Get Paid to Write About Parenting

5 Parenting Magazines & Blogs that Pay for Writing

How many pitches have you sent so far in 2019? This year, I’m taking January to really organize myself, and February is when I’ll hit the ground running with more pitches and even more content creation. I’ve already finalized my content calendar for this website all the way to the first week of January 2020, and now I’m working on my pitching calendar for the rest of the year.

There’s no better time than the present to get organized and start selling your writing. If you want to make money from your words, pitching needs to become your number one focus.

Whether you pitch companies or publications, do it often and do it repeatedly. Be persistent—the only successful writers are the ones who didn’t give up. Sending one or two pitches won’t cut it. You need to send several a week (and preferably several per day). To get you started, here’s a list of parenting publications that pay writers. 

Get Paid to write about- parenting, MultiTalented Writers. Picture of mom and child, Photo by Sai De Silva on Unsplash

Note: Rates of pay are in US Dollars unless otherwise indicated.

1. Family Fun Magazine

Family Fun Magazine is published by the same people who bring you Parents magazine. FamilyFun is focused on affordable crafts, activities, recipes and trips that the whole family can take together, as well as solutions to common problems that families face. If you enjoy writing about family fun, this is the magazine to read and pitch.

They pay $1.25 per word for Features, which run from 800 to 3,000 words. Features give parents ideas for inexpensive, fun, and easy-to-do activities, and topics include crafts, food ideas, travel, and more.

Departments include “idea of the month” ($750 for 600 words), “More Great Ideas” and “How We Have Fun” ($100 for 50-200 words), Explore ($1.25 per word for 600-900 words), and Create, which has several departments and pays $200 per idea.

For full details on pitching FamilyFun Magazine, be sure to read the Writer’s Guidelines in full, and always, always look at a few back issues to make sure you understand the voice of the magazine and what kind of articles they tend to publish. Then, and only then, send your well-crafted pitch.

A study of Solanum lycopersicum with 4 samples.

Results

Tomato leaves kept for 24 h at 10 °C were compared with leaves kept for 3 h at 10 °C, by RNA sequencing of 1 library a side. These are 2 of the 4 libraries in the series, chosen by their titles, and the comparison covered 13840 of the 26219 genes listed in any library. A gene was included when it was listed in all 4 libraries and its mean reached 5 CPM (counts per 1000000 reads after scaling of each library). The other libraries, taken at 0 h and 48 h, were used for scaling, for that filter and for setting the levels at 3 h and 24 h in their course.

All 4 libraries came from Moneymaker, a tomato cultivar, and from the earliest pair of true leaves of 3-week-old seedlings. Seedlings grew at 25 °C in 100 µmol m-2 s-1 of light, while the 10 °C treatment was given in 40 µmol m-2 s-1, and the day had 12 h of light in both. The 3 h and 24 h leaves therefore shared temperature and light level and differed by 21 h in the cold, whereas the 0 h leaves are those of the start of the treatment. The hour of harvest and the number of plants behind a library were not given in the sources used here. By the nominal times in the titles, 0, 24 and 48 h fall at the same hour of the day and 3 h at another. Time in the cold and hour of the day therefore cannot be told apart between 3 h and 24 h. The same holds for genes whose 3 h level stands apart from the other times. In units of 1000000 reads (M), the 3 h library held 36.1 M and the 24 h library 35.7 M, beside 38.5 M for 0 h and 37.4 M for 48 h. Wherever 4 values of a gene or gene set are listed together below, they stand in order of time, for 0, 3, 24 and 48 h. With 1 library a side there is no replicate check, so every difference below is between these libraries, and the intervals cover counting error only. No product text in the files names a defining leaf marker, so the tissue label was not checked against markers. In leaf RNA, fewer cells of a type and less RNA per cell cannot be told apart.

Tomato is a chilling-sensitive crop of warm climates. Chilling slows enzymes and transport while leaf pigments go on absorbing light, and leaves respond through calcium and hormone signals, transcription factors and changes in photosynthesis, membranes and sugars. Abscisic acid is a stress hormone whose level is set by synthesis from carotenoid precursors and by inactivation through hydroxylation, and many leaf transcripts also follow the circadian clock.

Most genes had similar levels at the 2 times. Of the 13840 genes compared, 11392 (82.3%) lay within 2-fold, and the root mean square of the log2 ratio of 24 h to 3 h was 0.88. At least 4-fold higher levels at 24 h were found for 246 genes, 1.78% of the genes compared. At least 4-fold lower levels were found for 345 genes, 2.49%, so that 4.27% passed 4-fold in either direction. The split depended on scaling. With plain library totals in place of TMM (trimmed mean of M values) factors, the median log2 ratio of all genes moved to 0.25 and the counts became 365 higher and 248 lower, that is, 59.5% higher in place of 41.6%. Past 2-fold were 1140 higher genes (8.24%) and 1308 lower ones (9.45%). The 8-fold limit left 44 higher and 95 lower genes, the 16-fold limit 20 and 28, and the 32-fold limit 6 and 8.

2. ADDitude

ADDitutde magazine accepts articles from parents with firsthand experience with ADHD (whether you’re a parent who has ADHD or you have children with ADHD). They also accept pitches from experts in the field.

They look for articles of 2,000 words or fewer, and reports indicate they pay .22 cents per word. Please allow 6-8 weeks for a response to your pitch. Read the full writer’s guidelines here and make sure to read a few articles here before pitching.

3. Project Want

Project want’s website is currently 404’ing. It’s possible this company no longer exists.

This toy review website seeks 500-1200 articles about DIY craft projects (with photos), product reviews, and inspirational news about parenting. They pay $1 per word. Be sure to read the full writer’s guidelines here and get a feel for their voice by reading some articles here.

4. Freelance Mom

Freelance mom is a community that believes women can still be who they are after becoming mothers. They look for 900-1,500-word articles that offer actionable tips for freelancing moms or moms who want to become freelancers. They pay $75-$100 per article. Click here for the full writer’s guidelines, and be sure to go here and read a few of their articles before pitching.

5. Cricket Media’s publications

Cricket Media publishes several literary magazines for children, including Babybug, Ladybug, Spider, and Cricket. They also publish nonfiction magazines: Click, Ask, Muse, Cobblestone, DIG Into History, and Faces.

Each of these magazines has a different focus and targets specific age groups. For more details on each, check out this post. Cricket media pays well (.25 or more per word, and $3 per line for poetry). The best way to pitch any of the Cricket Media magazines is to become very familiar with each of them.

You can read more about each magazine here, and read the full writer’s guidelines here. Responding to open calls for submissions also gives you a higher chance of being accepted, so make sure to review those on the writer’s guidelines.